The Pope's poor health has inspired a church-load of speculation on his
likely successor, writes Nick Galvin.
With the ageing Pope John Paul II celebrating 25 years in the top job this
month, runners and riders are already jockeying for position in the Who'll Be
The Next Pope Stakes.
But don't put your shirt on Sydney's own brand-new cardinal George Pell
becoming the next Catholic boss.
In fact, Pell doesn't even feature in the field offered by "Ireland's Biggest
Paddy Power (www.paddypower.com, click
on "Novelties"). Front runner at an almost unbackable 2-1 is Cardinal Dionigi
But George shouldn't be too offended - maybe after the shock election of a
Pole 25 years ago, the world's Catholics are just not ready for the prospect of
an Aussie pontiff wheeling his barbie on to the balcony at St Peter's.
But we get ahead of ourselves. The present occupant of the Vatican is still
very much alive, if not all that well, at a venerable 82, even if CNN jumped the
gun somewhat a couple of years ago when they unwittingly published John Paul
II's obituary on the internet (www
For the lowdown on the remarkable life and times of the Pope, take a look at
the enormously impressive Vatican site (www
Born Karol Jozef Wojtyla in Kracow, Poland, in 1920, he worked in quarries
and a chemical factory in his pre-papal life, developing a life-long hatred of
communism in the process.
He was ordained a priest in 1946, becoming Bishop of Kracow in 1964 and a
cardinal in 1967. From there on it was a rocket ride to
At the Vatican site you'll also find a comprehensive collection of the Pope's
pronouncements in the form of 14 encyclicals, 13 apostolic exhortations, 11
apostolic constitutions and 42 apostolic letters, each espousing the resolute
conservatism that either encourages or outrages, depending on your point of
CNN's special on John Paul II (www.cnn.com/SPECIALS/1999/pope) provides a
fuller and, perhaps, more objective
account of the pontiff's life than that from the Vatican press office.
A comprehensive photo-essay puts a face to the man said to be the world's
There's also an essay entitled, "Who's Waiting in the Wings", sizing up
likely successors (sorry, George).
Over at the Time site
(www.time.com/time/time100/leaders/profile/popejohn.html) is a beautifully
turned piece from American Conservative commentator William F. Buckley Jnr, who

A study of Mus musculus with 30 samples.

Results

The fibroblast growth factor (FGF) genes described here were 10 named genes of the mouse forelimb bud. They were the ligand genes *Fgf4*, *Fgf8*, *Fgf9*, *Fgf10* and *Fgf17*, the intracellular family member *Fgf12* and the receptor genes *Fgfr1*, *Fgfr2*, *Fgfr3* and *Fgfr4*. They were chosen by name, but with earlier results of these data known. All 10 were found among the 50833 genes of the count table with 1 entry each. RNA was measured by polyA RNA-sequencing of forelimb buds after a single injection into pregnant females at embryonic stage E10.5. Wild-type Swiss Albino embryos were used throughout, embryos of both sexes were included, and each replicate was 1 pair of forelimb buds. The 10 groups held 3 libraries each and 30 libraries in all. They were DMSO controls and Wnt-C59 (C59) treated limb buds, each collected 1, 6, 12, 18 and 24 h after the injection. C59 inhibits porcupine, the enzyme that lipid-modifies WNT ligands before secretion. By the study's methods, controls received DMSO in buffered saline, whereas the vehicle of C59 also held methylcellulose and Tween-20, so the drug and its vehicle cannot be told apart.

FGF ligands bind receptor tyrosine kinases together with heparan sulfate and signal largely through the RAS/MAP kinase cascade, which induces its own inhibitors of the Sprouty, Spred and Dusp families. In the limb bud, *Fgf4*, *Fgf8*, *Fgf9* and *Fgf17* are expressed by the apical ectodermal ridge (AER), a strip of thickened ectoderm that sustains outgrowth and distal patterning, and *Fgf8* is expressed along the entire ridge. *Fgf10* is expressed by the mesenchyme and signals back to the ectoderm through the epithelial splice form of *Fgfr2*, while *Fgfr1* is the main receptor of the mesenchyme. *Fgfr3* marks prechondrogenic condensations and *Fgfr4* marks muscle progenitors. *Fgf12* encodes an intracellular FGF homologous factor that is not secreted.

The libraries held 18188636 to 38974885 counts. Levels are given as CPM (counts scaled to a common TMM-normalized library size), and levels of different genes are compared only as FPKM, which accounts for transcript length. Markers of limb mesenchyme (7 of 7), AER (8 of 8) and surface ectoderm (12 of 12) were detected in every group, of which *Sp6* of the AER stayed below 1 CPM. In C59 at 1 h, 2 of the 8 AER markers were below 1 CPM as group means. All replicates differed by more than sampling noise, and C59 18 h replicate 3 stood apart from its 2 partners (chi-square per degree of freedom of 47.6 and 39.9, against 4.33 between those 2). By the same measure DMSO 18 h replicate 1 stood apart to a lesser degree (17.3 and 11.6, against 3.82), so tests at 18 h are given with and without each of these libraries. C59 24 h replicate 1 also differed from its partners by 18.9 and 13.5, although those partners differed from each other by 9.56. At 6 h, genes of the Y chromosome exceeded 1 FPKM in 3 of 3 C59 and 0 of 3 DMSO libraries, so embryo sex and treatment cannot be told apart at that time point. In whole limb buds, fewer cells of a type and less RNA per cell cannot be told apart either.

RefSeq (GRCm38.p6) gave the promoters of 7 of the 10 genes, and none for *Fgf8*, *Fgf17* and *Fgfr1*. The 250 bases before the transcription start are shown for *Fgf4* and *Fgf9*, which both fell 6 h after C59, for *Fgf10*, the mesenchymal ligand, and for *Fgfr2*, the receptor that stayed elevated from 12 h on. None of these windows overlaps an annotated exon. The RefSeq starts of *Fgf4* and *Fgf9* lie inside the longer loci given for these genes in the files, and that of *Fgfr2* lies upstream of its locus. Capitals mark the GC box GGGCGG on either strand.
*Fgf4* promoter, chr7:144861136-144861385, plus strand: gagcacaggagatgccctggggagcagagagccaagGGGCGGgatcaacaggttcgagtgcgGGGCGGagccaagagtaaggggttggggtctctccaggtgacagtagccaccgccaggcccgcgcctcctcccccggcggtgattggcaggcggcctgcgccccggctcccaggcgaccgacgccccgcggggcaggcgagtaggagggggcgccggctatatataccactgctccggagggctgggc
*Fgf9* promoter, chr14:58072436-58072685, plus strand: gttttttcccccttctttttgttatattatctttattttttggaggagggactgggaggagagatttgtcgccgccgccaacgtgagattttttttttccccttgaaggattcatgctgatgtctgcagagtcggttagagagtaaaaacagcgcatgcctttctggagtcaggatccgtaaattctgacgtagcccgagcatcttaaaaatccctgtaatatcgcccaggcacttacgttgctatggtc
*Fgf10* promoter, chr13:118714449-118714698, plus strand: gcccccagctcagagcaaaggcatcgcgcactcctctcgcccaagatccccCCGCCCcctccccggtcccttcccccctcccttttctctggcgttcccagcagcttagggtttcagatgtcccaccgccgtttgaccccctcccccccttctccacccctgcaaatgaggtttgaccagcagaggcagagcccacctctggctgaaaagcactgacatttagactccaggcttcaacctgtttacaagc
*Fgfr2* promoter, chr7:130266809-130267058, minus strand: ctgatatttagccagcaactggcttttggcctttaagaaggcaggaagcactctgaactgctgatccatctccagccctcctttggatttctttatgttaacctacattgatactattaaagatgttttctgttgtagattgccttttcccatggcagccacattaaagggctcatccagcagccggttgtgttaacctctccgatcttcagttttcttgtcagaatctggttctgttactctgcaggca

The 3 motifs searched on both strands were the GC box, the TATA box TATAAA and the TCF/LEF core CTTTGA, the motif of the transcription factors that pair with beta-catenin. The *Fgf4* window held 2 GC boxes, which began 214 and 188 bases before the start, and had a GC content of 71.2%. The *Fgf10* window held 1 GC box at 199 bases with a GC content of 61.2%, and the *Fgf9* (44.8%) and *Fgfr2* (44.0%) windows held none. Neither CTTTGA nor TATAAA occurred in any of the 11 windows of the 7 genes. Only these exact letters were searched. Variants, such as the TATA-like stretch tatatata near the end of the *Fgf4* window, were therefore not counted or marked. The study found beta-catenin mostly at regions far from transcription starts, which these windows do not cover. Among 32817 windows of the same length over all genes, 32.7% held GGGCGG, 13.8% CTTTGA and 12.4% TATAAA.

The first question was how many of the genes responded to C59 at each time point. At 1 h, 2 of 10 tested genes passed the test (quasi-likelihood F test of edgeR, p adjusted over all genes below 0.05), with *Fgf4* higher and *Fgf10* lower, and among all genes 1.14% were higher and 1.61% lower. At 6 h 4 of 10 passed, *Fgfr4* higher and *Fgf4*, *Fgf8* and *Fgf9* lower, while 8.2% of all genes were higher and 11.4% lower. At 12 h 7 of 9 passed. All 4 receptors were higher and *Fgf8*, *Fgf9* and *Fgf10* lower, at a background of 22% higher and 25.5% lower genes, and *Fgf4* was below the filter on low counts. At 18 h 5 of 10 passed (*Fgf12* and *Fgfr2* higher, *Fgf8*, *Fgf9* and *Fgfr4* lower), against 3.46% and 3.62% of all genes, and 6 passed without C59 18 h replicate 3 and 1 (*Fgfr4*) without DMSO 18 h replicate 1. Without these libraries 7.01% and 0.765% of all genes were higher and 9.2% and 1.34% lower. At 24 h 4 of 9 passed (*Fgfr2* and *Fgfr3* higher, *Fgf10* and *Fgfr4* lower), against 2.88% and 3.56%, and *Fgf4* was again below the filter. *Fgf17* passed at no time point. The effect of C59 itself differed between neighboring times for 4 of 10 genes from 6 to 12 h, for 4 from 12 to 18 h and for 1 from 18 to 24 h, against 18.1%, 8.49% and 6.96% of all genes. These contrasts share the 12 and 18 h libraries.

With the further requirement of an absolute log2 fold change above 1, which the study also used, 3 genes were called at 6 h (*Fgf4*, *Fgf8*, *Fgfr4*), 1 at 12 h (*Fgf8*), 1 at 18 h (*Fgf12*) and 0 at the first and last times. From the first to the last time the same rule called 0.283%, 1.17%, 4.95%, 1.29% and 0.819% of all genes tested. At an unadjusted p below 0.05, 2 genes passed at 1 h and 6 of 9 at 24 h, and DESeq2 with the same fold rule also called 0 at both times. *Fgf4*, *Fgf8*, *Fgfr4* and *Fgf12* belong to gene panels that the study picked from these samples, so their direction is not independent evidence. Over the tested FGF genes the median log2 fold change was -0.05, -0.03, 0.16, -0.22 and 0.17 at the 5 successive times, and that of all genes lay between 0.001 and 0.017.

dubs the Pope: "The most tireless moral voice of a secular age - he reminded
humankind of the worth of individuals in the modern world."
However, even Buckley's praise can't alter the fact that the Pope only ranked
seventh in Time's "Person of the Century" poll (www
However, when you consider the list is headed by none other than Elvis Aaron
Presley, maybe that says more about the voters than the nominees. There are two
major articles of faith surrounding the papacy, the first of which is that the
present Pope is the latest in a line stretching back to St Peter. And if you
find that hard to swallow, check the list at the Catholic Encyclopedia (www
/cathen/12272b.htm), where you'll find all 265 - count 'em.
The other big (to non-Catholics at least) papal quirk is the doctrine of
Basically, if you buy into this one, the Pope is always right (and in that
respect he's no different from many other fathers).
However, if you think you can make a quick call to the Vatican and get the
winner of the second race at Randwick, you're going
to be disappointed. Catholic Answers
(www.catholic.com/library/papal_infallibility.asp) has an exhaustive (and
exhausting) definition of what infallibility is and isn't.
Not that any of that is likely to persuade that old funster Ian Paisley to
change his mind about the papacy, either in this life or the next.
The Reverend Paisley is leader of the Democratic Unionist Party and, er,
doesn't have a lot of time for popes or Catholics in general. See
www.ianpaisley.org/antichrist.asp for his foaming exposition on why the Pope is
While paying a visit to Bigotry Central, don't miss the remarkable guestbook
And if you were perchance stuck for what to send Ian for Christmas, be sure
to consider Stupid.com's beautifully crafted pope on a rope gift
He could use it to wash out his mouth.